Yesterday, I pulled up NPR’s web page, hunting for some story, and was stunned when I saw the news that Leroy Sievers died Friday night.
I didn’t know Leroy and wasn’t aware of his work as a journalist. I learned of him two years ago when NPR reported on his blog My Cancer. That was around the time my mother was diagnosed with lung cancer.
Leroy, 51, was fighting his cancer. My mother, 86, decided not to fight hers. With great equanimity, she announced that she had lived a full life and would let the disease take its course.
I followed Leroy for a bit and was encouraged by his progress. Soon, I had more than enough reality preparing my mother and myself for her death, and I stopped reading Leroy’s blog. Even after her death, now approaching the second anniversary, I did not resume reading, needing time and space for my own scars to heal.
Hence, my surprise and tears when I read of Leroy’s death at age 53. His fight gave him another two years, yet his time ended too soon for someone who had been so full of life. Just read Ted Kopel’s remembrance.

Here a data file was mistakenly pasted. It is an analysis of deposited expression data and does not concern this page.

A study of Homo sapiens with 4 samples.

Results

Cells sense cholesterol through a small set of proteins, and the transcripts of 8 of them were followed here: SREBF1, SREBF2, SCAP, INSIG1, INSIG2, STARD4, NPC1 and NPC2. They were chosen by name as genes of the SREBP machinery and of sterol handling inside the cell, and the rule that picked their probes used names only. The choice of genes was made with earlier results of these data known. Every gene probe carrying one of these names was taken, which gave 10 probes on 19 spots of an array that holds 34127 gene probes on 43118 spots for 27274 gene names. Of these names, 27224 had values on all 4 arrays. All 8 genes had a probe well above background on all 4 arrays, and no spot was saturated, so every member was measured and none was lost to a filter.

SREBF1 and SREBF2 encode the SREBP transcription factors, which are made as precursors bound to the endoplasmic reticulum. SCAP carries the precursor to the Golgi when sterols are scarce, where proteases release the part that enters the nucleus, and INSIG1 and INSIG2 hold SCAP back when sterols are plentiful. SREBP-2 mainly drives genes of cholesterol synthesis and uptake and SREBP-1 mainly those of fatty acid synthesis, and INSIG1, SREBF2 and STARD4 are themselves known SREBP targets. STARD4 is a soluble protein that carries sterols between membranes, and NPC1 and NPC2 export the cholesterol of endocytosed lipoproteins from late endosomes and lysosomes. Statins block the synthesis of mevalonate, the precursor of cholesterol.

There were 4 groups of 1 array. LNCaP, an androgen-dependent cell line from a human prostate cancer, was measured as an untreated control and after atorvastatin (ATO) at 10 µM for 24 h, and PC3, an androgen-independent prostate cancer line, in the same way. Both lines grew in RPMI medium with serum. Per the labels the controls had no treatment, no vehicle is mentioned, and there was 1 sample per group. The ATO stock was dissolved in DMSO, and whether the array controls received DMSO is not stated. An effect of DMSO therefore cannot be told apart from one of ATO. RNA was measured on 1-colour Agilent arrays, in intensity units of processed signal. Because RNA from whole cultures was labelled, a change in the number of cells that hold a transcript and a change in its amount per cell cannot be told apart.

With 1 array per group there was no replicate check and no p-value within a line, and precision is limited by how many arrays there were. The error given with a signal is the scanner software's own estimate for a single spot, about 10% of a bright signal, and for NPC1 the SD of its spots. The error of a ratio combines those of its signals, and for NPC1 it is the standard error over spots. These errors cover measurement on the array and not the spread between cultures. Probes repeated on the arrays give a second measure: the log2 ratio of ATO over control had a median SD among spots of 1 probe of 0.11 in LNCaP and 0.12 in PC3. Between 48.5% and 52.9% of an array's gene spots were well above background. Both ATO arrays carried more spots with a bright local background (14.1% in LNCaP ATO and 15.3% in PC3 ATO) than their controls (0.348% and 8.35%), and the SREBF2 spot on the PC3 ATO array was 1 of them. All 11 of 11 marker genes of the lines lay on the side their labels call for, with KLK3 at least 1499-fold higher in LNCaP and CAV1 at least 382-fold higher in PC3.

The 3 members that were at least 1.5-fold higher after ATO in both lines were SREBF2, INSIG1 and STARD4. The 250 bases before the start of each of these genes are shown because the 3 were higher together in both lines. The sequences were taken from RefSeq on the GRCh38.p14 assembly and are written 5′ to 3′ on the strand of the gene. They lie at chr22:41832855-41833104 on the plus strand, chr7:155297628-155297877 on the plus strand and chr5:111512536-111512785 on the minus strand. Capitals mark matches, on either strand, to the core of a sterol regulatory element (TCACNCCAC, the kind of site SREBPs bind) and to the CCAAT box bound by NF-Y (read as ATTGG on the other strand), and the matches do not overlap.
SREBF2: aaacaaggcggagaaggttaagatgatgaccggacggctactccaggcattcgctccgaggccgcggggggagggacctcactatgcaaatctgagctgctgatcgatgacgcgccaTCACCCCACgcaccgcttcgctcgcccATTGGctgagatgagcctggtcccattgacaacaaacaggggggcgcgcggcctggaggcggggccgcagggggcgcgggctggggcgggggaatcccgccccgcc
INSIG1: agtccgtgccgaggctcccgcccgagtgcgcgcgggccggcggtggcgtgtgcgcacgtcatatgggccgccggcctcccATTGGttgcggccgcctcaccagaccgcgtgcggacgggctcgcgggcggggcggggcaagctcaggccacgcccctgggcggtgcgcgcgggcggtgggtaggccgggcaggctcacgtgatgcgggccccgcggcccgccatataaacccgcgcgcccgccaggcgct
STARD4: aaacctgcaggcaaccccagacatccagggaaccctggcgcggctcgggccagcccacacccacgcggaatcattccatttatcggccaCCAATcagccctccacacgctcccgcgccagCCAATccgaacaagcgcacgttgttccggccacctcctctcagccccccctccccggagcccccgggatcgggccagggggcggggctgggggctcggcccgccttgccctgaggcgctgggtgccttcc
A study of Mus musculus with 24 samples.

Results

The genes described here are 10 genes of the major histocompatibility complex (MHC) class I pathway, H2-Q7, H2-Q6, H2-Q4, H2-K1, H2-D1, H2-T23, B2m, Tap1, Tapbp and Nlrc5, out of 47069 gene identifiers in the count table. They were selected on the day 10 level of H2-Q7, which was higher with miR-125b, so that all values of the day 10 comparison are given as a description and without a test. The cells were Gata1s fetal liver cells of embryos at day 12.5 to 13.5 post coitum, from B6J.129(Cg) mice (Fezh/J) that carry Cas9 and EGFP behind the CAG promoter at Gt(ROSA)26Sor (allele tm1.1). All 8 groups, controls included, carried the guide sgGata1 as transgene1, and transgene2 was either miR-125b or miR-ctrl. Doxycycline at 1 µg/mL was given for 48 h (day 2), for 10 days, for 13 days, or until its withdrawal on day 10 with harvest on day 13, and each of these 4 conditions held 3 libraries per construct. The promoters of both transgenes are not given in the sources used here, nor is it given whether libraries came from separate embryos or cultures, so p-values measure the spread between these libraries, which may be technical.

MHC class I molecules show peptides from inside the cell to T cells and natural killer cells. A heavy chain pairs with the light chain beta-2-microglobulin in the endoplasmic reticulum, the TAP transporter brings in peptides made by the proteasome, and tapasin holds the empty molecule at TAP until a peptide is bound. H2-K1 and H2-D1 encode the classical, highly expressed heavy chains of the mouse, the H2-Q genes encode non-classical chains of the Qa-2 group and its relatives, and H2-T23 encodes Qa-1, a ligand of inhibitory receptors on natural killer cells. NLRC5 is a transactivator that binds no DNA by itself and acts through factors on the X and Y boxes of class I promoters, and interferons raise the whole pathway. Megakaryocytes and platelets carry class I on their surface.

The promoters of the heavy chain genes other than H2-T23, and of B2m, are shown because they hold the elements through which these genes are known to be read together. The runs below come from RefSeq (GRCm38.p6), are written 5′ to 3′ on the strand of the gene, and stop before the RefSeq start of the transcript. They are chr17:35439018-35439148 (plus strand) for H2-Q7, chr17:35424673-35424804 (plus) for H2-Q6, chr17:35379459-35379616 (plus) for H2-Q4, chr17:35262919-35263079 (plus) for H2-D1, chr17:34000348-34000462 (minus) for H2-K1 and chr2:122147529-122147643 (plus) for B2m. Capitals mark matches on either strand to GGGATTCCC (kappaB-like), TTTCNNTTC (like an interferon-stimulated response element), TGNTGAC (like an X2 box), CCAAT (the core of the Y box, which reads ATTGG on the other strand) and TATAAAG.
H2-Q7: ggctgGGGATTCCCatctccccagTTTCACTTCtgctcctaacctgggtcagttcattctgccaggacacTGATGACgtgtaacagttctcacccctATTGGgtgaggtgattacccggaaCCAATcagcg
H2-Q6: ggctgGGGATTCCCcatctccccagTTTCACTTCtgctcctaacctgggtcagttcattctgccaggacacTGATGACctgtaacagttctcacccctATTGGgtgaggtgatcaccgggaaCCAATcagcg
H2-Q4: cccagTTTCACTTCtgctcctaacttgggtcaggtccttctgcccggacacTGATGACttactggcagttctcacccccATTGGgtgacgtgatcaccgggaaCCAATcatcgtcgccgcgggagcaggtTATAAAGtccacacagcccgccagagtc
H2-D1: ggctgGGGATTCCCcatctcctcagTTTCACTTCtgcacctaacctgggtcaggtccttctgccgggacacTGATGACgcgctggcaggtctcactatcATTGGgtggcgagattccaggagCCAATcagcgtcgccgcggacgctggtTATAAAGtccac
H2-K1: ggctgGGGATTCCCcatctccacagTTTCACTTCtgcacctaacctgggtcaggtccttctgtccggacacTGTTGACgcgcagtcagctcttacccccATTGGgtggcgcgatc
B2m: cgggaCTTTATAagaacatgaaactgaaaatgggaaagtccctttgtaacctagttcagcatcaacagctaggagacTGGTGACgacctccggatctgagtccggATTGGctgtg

The last two weeks of Leroy’s blog are poignant. The family’s decisions to engage hospice and bring in a hospital bed were not easy, markers that the end was coming. Sooner than expected, it seems, and certainly sooner than hoped.
In the quiet of this evening, the crickets the only sound other than my typing, I am honoring Leroy’s struggle and courage and wishing his family comfort and strength. The immediate days after such a loss are a blur of preparation and sorrow, the sorrow creeping in when the activity subsides and the house becomes quiet.
My daughter is a fan of PostSecret. One of her favorite postings comes to mind, an admonition for the rest of us:
Psst, here’s a secret. Your last mortal thought will be, “Why did I take so many days – just like today – for granted?”